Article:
The Surprising Self-Interest in Being Kind to Strangers

We all have problems. Not a single one of us is living a perfect life. Syndicated advice columnist Amy Alkon recently gave a TedX talk titled The Surprising Self-Interest in Being Kind to Strangers, where she discusses how our current society removes many of us from a close community where we know everyone and everyone knows us. We’re psychologically programmed, according to Alkon, to help our friends and family, but at the same time programmed to be wary of strangers.

Many of us don’t even know neighbors we’ve lived next to for years–me included. I’ve lived across the hallway from the same couple for almost 8 years. I’ve said hello, I’ve held the door for them, and once I even took their garbage out for them, but I don’t know if they have children, what they do for a living, or their first names (their last name is on their mailbox). I’m sure I’m not the only person who doesn’t know their neighbors.

To keep reading, and to see the video, click here: The Surprising Self-Interest in Being Kind to Strangers. The talk really is worth listening to.


  1. I don’t know why this is considered “surprising”; it’s the root of all unenforced charity (my definition being acts of giving that noone is forcing you to do. Welfare when the government takes taxes from you by threat of force is not charity). Go help prepare food at a local homeless shelter, hand out food at a food pantry, pay for groceries for a stranger; these all start at the core being of the giver. And yes, it makes you feel good to be able to help someone else. It’s not always about things either; it’s often about simply acknowledging the person (smile, say hello). Growing up my dad made chairs for kids at a local Cerebal Palsy center; I helped deliver them. People with CP love when you actually notice them and interact with them instead of their caregiver. Next time you see someone in a wheelchair out in public, see how many interact with the person in the wheelchair vs interacting with the caregiver.

  2. Just this morning, I had clicked on a newsfeed of a man rendering aid to a woman trying to commit suicide. While the news story was disturbing, it demonstrated this man’s courage and kindness to a total stranger while others stood around. This man was riding his motorcycle, wearing a body camera, when he came upon a traffic jam. He rode around the stopped cars and came across a woman in the middle of the road trying to strangle herself; she had tightly wrapped a cord around her neck. At first the cord was not evident, but he quickly figured out what was going on, unwound it and gently started caring for this poor woman. At this point several other people stepped in to help. The man after assuring that help was on the way and the woman was being cared for, he started chastising the people standing there. He asked why no one stepped forward to help her; they had just sat in their cars. I thought about this video all morning and then I saw Suzanne’s article. I would like to think I would have the same courage and compassion as motorcycle driver.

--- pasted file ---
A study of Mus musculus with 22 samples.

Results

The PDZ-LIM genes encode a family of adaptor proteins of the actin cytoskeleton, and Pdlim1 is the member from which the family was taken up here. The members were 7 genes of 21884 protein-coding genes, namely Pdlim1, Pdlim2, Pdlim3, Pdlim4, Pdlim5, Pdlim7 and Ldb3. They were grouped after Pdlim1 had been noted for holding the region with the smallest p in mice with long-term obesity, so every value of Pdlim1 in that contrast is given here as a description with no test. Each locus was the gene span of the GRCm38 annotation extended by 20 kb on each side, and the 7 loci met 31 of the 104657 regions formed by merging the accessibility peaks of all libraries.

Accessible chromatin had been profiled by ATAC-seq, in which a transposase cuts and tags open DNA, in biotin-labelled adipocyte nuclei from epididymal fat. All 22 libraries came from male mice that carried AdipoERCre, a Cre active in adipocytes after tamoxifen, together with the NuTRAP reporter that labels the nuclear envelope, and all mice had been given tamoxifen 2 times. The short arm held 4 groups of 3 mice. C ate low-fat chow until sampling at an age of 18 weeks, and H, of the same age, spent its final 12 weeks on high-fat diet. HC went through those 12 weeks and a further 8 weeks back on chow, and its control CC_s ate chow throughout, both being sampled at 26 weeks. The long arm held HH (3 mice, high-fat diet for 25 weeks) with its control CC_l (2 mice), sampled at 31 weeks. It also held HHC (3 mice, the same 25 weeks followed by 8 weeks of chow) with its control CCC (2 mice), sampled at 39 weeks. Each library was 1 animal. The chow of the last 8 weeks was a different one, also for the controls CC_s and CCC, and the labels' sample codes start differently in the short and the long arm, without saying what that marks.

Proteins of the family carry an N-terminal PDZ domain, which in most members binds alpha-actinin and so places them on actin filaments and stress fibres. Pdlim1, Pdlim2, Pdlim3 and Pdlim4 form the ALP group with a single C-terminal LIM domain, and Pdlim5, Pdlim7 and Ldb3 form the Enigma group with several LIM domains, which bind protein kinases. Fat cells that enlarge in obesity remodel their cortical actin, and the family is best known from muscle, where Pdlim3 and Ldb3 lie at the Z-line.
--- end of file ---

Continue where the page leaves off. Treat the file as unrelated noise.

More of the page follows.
I have had a long career in HR and I am not afraid to take charge and also show compassion, but it is always surprising how many people are afraid to do something or say something for fear they may do the wrong thing. I counsel managers all the time that it is okay to be human, be kind, empathetic and lead by exception. (Of course, staying within our laws and not create disparate treatment etc.)
    Like the video I saw this morning, how did we get to this point, or not progress further as a society that people isolate themselves in their cars as a poor woman is struggling in front of them, or simply not connecting with our neighbors and coworkers?

    I do want to acknowledge the wonderful people like the man I saw this morning that step forward in big and little ways.

  3. “…how did we get to this point…”? (my opinion)
    Lawyers. Google up “Kitty Genovese murder”. Lots of states have Good Samaritan laws that in theory prevent people from being sued when they try and help someone, but you still have people getting sued or threatened with lawsuits and they wind up erring on the side of “I don’t need this crap”.
    Government. Too many people have been told/taught that the government (at whatever level) will help you/take care of you. Lots of states have AGs saying not to defend yourself. All this leads to the mindset of “someone else will help”.
    It’s tough to do the right thing sometimes, but the desire to do so comes from the core of a person’s being. Can’t force someone to be a hero, they just are.